Phil Jackson finds another way to help acolytes

Kevork Djansezian

The Zen Master will help Detroit find a new coach. Ladies and gentlemen, meet Kurt Rambis!

Phil Jackson has just made the Detroit Pistons' head-coaching job the last one anyone will ever want to interview for. The 11-time NBA champion coach will advise GM Joe Dumars and owner Tom Gores during the search for a coach to replace Lawrence Frank, who was sent packing in the season's wake. Can you imagine interviewing for the job and having to sit across from the Zen Master to ply your B.S.?

Because that's what it appears much of the coaching dance is: he who can peddle the best malarkey wins. I'll never forget the stories that came out of Eric Musselman's successful interview with the Sacramento Kings in 2006. It was something like a two-hour PowerPoint presentation that blew the Maloofs and Geoff Petrie away. It hit all the key points -- the importance of defense, accountability and connecting with the fans through positive interaction. Musselman got a DUI in the preseason, lost the locker room remarkably early in the season and reportedly didn't speak to lead assistant Scott Brooks for months. That PowerPoint must have been really good.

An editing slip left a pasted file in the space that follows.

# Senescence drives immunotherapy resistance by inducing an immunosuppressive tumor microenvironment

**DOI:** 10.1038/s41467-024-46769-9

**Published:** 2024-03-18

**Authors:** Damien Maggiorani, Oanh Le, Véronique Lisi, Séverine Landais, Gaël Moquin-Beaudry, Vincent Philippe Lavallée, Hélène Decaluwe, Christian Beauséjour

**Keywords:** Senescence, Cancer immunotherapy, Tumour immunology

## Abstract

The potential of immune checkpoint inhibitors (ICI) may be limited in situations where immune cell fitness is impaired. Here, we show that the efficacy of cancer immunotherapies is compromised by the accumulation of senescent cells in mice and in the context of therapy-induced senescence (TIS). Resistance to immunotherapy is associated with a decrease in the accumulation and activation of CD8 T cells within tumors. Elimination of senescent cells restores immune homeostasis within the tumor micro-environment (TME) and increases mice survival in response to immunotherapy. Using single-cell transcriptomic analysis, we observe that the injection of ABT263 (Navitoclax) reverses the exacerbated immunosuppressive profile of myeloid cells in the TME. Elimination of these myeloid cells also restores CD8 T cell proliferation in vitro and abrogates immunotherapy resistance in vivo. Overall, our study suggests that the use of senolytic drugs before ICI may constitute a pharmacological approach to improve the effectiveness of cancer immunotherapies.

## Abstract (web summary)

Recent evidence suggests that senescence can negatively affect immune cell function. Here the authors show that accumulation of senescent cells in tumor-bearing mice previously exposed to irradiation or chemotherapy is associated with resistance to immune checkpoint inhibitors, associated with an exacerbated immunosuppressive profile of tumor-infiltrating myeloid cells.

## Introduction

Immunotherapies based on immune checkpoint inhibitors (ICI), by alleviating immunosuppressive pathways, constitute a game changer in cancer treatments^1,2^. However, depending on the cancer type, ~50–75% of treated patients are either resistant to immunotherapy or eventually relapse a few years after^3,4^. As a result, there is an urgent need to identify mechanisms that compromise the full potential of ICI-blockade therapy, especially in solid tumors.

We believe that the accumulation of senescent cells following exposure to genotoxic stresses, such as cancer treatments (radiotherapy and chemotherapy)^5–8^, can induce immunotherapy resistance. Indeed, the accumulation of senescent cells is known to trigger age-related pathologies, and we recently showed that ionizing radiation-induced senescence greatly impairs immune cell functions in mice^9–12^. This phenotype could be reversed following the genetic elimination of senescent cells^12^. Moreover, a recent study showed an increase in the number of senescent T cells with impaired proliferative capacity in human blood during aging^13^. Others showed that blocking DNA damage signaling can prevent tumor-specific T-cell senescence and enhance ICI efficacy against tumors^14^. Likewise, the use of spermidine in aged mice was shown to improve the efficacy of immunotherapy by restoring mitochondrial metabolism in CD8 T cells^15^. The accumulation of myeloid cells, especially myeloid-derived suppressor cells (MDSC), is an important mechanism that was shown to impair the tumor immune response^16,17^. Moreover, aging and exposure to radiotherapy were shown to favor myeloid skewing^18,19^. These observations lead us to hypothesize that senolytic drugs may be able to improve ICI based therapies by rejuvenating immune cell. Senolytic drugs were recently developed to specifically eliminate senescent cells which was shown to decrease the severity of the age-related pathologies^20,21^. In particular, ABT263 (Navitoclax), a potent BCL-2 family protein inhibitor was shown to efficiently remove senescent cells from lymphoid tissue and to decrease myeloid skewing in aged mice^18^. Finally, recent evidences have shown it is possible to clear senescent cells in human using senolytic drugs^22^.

Honestly, I think having Jackson in the process, even if he doesn't dedicate time to sit in on interviews, cuts a lot of the nonsense out right off of the top. These candidates will be too nervous he'll call them out on gimmick stuff ... even though he's sort of the King of Gimmicks, with his book club, novelty offense and Eastern philosophy. If I'm a candidate walking into the Palace to convince Jackson and Dumars to hire me, I'm going to focus entirely on Xs and Os, not how I'm a master motivator that speaks on players' levels and can get them to practice hard on Christmas morning. Jackson knows how hard it is to get players consistently motivated.

The real endgame here is, of course, to spread Jackson's coaching tree. He doesn't currently have one acolyte in a head-coach role in the NBA. Kurt Rambis spent two miserable years in charge of the Timberwolves, and Brian Shaw is likely to have a job next season. That's it. Jim Cleamons had a head coach stint with Dallas years ago, and Bill Cartwright spent some time running the Bulls. But neither of those guys are in play for current openings (at least publicly) and neither produced their own acolytes.

Unless Rambis gets another chance, which, man, that's going to be tough, Shaw is it. He's the only viable branch on the coach tree for Jackson. It seems obvious that he would end up taking over Detroit with Jackson advising, so long as the 76ers don't scoop him up first. (He'd also be a hot rumor in Sacramento if that issue is settled in time.)

So if this happens according to plan, Jackson gets a chance to give his coaching tree a much-needed boost. Win-win. Phil Jackson remains a step ahead of everyone else.

Editor's Note: An original version of this story suggested Jackson would get a stipend from Gores for his work. ESPN reports that Jackson will not be paid. We have taken out that line to reflect the news.